Posted by Bernadette Mortell on September 20, 2018
For many years, the idea that the release of a new process node from one of the major silicon foundries would require you to update your synthesis flow was a non-starter. Synthesis used the available timing, area and power models in the libraries and that was the beginning and end of the discussion.
With the arrival of physical synthesis, physical effects could be taken into consideration in synthesis flows and front-end designers began asking what changes to expect when a new process node was released.
The benefits of physical synthesis are improved timing correlation based on actual physical information within synthesis including coarse placement and the floorplan. This added information in synthesis enables accurate timing estimates, allows the optimization engines to focus on the right paths and deliver better correlation and convergence throughout the flow. As physical synthesis has taken hold and became the mainstream synthesis flow, this significantly changed user expectations in several ways. Now users expect the quality of the output netlist will be better in terms of Performance, Power and Area (PPA) achieved. They expect it will be better suited to physical implementation in terms of reduced routing congestion using the placement seed provided by synthesis. And the correlation to results after placement optimization will be much tighter for timing, area, routing, and power. The handoff objective to place and route is to achieve better PPA and a convergent design flow. Ideally, the netlist handed off to the physical implementation teams should not come back to the RTL designer unless the actual design specifications have changed.
As FinFET process nodes have moved into mainstream production use, complex process and layout rules have a greater impact on the decisions made during synthesis. New choices for the synthesis solution and users to improve PPA include layer aware timing optimizations, performance and EM via pillar insertion, the use of non-default routing rules and special cells designed to improve metrics like pin accessibility at highly utilized regions. Physical synthesis now needs to understand the process technology parameters as well as the placement and routing rules to generate better netlist for physical implementation. As a result, physical synthesis needs to be aware of and operate differently when synthesizing for different process nodes.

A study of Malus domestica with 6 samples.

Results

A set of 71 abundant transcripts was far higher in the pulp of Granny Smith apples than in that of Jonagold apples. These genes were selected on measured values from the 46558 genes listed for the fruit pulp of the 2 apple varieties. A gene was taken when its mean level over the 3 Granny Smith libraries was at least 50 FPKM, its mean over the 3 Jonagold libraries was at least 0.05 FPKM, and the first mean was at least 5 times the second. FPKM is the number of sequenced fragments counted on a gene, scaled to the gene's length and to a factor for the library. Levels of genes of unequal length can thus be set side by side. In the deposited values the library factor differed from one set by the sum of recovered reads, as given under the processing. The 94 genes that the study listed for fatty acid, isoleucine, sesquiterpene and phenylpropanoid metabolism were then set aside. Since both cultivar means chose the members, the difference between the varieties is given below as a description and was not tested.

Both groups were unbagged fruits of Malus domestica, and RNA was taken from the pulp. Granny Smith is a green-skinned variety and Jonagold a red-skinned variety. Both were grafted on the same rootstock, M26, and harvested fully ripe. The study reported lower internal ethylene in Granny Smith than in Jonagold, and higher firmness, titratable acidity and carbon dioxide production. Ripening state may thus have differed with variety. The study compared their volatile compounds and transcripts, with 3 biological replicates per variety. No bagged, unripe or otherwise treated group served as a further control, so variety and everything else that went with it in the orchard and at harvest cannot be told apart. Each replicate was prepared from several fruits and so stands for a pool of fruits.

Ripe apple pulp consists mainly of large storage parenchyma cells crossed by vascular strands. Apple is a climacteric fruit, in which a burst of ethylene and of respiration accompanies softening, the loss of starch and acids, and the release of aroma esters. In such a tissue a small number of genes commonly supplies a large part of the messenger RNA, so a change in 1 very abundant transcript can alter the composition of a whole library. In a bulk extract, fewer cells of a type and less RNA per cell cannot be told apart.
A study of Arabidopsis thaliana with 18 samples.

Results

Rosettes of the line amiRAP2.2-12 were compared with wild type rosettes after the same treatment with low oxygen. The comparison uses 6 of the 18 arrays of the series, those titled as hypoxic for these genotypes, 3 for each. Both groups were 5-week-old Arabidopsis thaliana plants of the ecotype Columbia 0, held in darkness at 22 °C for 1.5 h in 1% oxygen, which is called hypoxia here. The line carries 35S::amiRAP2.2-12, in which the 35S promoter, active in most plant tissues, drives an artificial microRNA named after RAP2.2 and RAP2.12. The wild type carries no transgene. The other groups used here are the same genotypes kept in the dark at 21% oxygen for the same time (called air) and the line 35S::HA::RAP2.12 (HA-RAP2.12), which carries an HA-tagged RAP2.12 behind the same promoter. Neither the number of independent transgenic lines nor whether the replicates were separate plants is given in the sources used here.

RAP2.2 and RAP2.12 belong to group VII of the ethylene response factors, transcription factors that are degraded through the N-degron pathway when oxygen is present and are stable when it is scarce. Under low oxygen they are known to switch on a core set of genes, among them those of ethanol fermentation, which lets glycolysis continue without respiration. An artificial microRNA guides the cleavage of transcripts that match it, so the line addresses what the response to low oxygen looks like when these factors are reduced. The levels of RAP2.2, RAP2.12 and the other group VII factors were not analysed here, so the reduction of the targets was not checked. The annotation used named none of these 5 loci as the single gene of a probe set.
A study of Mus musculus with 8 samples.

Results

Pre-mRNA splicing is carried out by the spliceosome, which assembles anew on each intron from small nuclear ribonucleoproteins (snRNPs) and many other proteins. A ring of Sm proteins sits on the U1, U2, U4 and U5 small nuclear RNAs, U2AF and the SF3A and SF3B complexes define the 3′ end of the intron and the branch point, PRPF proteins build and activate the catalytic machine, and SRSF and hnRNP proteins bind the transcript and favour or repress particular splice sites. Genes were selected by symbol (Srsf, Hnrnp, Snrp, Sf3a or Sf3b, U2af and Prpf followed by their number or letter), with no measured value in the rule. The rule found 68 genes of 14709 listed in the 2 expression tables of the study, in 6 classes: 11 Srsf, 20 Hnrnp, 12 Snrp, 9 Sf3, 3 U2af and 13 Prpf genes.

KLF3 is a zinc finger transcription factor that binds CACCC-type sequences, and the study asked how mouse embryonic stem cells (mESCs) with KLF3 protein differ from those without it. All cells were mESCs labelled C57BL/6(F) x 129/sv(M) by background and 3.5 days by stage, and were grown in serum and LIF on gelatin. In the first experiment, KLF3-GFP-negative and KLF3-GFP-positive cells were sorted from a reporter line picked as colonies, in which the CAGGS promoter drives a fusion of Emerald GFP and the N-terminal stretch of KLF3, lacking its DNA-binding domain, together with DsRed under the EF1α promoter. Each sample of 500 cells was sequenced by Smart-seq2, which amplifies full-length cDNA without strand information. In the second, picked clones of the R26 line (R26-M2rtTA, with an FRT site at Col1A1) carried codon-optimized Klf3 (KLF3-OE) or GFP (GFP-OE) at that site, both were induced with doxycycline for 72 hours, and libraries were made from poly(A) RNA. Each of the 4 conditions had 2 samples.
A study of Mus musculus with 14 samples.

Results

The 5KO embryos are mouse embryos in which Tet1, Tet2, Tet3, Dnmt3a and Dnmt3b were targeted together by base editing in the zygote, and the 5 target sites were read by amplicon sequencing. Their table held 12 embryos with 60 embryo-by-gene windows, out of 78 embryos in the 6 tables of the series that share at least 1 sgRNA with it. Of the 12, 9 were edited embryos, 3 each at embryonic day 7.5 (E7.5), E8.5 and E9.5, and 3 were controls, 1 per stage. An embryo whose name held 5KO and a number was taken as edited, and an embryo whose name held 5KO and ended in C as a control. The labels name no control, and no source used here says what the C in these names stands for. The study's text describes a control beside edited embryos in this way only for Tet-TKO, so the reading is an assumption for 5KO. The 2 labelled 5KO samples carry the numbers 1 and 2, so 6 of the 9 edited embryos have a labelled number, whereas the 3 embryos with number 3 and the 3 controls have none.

Design Compiler Graphical feeds-forward design implementation guidance to drive the physical implementation flow that step-by-step converges on final PPA goals. The latest releases of Design Compiler Graphical can make tradeoffs between cells with better PPA characteristics vs. ones that are better for congestion and pin accessibility, assign nets to different routing layers to manage critical timing paths, add both electro-migration and performance vias, derive non-default routing rules and a myriad of other techniques to come up with a design which meets the required goals. When the design netlist and physical guidance is passed to the place and route tool, the resulting design PPA closely matches what the synthesis tool has predicted.
Starting at 7nm and continuing at smaller nodes, Design Compiler Graphical is validated by the silicon foundries for deployment readiness at each new process node. This means the synthesis tool has been enhanced to support the latest process rules, placement, routing, power and timing requirements and is aware-of and takes into consideration the physical effects of the new nodes.
So, getting back to the original question, does every advanced node design require this new flow where all the physical implementation factors are accounted for during synthesis? The answer is a resounding yes. For designs on the latest process nodes you will need to get used to updating the version of your tool and your synthesis flow/scripts for every new process node in order to achieve the best PPA and fastest convergence.
Goodbye process independence in synthesis, it was nice knowing you.
Thinking 2 steps ahead to address future challenges at 5nm and below.
Jim is the Director of Product Marketing for NanoTime.
Bernie is Director of Product Marketing for Synthesis.
Dr. Steve Pateras
Steve is Senior Director of Marketing for Test Automation.
Kenneth serves as Sr. Staff Product Marketing Manager with focus on In-design Rail Analysis.
Shekhar serves as the Director of Product Marketing for PrimeTime Static Timing Analysis.
Ruben serves as the Director of Product Marketing for StarRC Extraction and In-design Rail Analysis.
Mark serves as Technical Marketing Manager with a focus on IC Compiler II place-and-route.